Why do fans stay committed to awful teams?

104 years is a long time to lose. Just ask the Chicago Cubs.

Logically, one might think that after watching a team be defeated for years and years (and years and years), a fan would give up hope, wash their hands of their fandom, and switch their viewing allegiances to Here Comes Honey Boo Boo, or to a more successful team. After all, in a society obsessed with success, no one likes to be defeated.

Yet, despite 104 years without a World Series win, the Cubs are doing pretty well in terms of filling their stadium’s seats. In 2011, they drew over 3 million fans to their stadium, and averaged 37,259 fans per game – not far off from a sell- out, every game, despite a 71-91 regular season record. The Boston Red Sox, during their 86-year championship drought, didn’t see Red Sox Nation shrink (in fact, it probably became more fanatic). Buffalo Bills (a football team most famous for losing four straight Super Bowls) fans still pay more than a hundred dollars to buy new jerseys; Leyton Orient (an English soccer club that plays in the third tier) fans still watch YouTube clips from their 2006 season (when they played in the fourth tier). There are hundreds of teams whose club names are synonymous with losing, and most of them seem to be doing pretty okay in the area of moral support.

There are the moments where it doesn’t seem possible to endure it anymore. Take my grandfather, for instance: a lifelong Red Sox fan, he swore he would never return to Fenway Park after Buckner lost the Red Sox the 1986 World Series. But ask him the score of last night’s game, and he inevitably will have watched it. Ask him the roster, and he will be able to rattle it off.

So why do these fans stick it out?

Tennis star Maria Sharapova once said that “fans always root for the underdog.” A 2007 study out of the University of South Florida (USF) investigated this very phenomenon. In proposing hypothetical sporting and Olympic matches, researchers found that their test subjects tended to favour the underdog in unevenly matched situations.

Note the ‘hypothetical’ in the USF scenarios. The romanticized triumph of an underdog clawing their way to the top may be appealing, but Gordon Bloom, associate professor of Sport Psychology at McGill, says that’s not what draws fans of long-suffering teams.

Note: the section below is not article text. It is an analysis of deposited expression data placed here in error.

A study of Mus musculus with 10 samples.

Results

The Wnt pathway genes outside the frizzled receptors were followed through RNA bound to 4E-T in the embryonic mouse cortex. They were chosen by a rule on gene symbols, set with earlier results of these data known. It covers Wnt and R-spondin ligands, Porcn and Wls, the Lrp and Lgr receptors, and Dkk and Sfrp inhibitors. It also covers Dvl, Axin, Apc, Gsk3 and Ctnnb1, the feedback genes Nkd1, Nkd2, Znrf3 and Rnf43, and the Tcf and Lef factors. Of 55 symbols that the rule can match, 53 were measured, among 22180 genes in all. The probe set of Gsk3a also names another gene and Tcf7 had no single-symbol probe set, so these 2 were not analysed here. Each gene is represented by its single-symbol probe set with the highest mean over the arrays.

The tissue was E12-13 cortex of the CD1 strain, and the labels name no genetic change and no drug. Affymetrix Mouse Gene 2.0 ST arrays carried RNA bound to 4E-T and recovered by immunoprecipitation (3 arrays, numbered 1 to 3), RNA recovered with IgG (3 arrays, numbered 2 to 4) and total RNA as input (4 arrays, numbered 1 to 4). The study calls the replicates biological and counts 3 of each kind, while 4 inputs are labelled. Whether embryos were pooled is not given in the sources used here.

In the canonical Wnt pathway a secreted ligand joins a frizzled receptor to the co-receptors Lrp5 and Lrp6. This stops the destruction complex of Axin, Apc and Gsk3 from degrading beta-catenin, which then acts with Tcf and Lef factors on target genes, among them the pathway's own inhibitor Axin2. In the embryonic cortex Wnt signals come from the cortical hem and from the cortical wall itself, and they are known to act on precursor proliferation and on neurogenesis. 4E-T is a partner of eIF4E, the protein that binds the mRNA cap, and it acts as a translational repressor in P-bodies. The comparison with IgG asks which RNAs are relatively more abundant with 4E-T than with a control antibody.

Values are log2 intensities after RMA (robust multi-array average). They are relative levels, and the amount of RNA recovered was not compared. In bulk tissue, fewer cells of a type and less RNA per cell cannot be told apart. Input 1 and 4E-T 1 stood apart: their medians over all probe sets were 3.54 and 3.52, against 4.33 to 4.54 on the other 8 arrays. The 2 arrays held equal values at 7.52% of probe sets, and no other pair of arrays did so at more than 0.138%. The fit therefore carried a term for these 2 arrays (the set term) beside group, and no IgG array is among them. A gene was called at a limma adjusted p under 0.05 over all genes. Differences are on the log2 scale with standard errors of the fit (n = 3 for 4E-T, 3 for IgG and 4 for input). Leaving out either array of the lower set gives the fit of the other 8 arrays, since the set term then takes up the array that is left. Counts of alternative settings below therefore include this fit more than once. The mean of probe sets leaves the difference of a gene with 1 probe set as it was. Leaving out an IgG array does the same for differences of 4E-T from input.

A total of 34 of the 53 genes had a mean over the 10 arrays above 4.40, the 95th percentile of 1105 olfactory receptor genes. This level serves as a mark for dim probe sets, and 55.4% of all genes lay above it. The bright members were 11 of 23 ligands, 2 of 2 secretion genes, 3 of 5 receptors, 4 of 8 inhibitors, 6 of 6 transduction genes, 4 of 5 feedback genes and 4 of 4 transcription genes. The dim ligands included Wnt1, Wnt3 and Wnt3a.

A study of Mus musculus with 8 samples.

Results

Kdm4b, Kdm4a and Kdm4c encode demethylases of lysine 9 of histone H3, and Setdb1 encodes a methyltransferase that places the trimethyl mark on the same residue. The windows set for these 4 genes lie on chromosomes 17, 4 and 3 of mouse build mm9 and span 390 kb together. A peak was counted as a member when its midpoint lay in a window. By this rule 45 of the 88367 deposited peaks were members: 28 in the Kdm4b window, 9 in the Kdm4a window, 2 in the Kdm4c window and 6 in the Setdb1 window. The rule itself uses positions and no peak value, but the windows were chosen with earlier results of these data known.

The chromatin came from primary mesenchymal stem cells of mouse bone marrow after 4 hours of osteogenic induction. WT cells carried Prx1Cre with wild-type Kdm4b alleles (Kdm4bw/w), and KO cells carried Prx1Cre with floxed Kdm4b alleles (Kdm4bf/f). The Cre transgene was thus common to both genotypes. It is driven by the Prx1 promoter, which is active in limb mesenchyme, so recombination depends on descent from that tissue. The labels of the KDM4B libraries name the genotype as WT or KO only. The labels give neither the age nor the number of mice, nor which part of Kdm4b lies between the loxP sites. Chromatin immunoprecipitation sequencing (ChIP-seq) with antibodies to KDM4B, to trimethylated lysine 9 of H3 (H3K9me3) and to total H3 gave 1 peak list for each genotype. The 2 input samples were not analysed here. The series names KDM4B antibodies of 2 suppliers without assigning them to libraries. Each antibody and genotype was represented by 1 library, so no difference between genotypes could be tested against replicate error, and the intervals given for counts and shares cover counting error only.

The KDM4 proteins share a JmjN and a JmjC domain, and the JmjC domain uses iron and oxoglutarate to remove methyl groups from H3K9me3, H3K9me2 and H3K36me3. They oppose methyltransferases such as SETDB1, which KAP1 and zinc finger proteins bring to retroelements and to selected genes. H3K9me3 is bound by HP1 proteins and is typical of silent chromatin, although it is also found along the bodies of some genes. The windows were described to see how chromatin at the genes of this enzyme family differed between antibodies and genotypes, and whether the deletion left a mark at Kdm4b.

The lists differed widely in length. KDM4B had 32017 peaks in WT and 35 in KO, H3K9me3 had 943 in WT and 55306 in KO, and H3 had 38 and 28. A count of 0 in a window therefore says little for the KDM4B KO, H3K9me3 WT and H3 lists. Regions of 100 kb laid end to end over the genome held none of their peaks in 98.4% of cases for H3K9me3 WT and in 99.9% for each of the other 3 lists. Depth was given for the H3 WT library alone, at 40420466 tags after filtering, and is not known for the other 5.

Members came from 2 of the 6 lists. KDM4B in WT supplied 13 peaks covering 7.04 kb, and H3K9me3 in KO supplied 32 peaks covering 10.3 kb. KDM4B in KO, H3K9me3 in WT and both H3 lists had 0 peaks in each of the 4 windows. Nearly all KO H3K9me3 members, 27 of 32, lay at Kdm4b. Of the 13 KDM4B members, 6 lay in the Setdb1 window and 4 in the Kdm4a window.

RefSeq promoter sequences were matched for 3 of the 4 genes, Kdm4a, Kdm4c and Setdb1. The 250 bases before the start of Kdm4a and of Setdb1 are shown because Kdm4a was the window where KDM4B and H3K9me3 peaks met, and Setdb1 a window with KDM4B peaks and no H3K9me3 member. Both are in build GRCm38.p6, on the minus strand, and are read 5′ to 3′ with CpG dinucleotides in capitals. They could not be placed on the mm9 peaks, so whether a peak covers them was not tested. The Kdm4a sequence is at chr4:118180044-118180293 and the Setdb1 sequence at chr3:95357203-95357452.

“One of the things that you get from sports is a strong affiliation or emotional tie,” Bloom explained in an interview with The Daily. “Whether you’re an athlete or a fan, sports is one domain where passion and loyalty come into play.”

That loyalty is a key part of fandom. “Sports fans stick with their team win, lose, or, draw,” Bloom said. “I think that’s just part of the sports culture that you stick with your team through thick and thin.”

This culture is why a ‘fair-weather fan’ – someone who only supports a team while it’s on top, or switches to rooting for a more successful team – is an insult: a real fan sticks with their identity no matter what happens. Supporting a losing team is a proud show of undying loyalty, and demonstrates an ability to weather the pain of constant disappointment – a contest of fandom, if you will – but Bloom says that being the underdog doesn’t gain fans.

If you’re a fan who’s drinking post-playoffs to drown sorrows rather than popping champagne, blame your hometown and your parents. Bloom sees sports fandom as generally dependent on one of two things: geography and family ties. “I’m not as convinced that [supporting a team is] a choice that people make as much as you’re sort of brought into this world in a certain place and you choose to follow that either because geography or because of family lineage…people in sports don’t look at [the] win-loss record when they’re forming a bond with their teams.”

Who we support is intrinsically linked to our identity: just as we can’t change where we’re from, or what games our parents raised us on, we can’t change the pride and intimacy of supporting a team that resonates with a crucial aspect of who we are. And so, despite the heartbreak, we bounce back for another season, promising ourselves and our peers that this is the year.

After the tears, cursing, hair-pulling, and maybe some TV-breaking, long-suffering fans can be assured of one thing: as rare as our victories are, they are that much sweeter when they arrive. Sure, it might be nice to win a championship every few years, but when you’ve spent decades of your life waiting for it, your party’s going to be a lot more fun.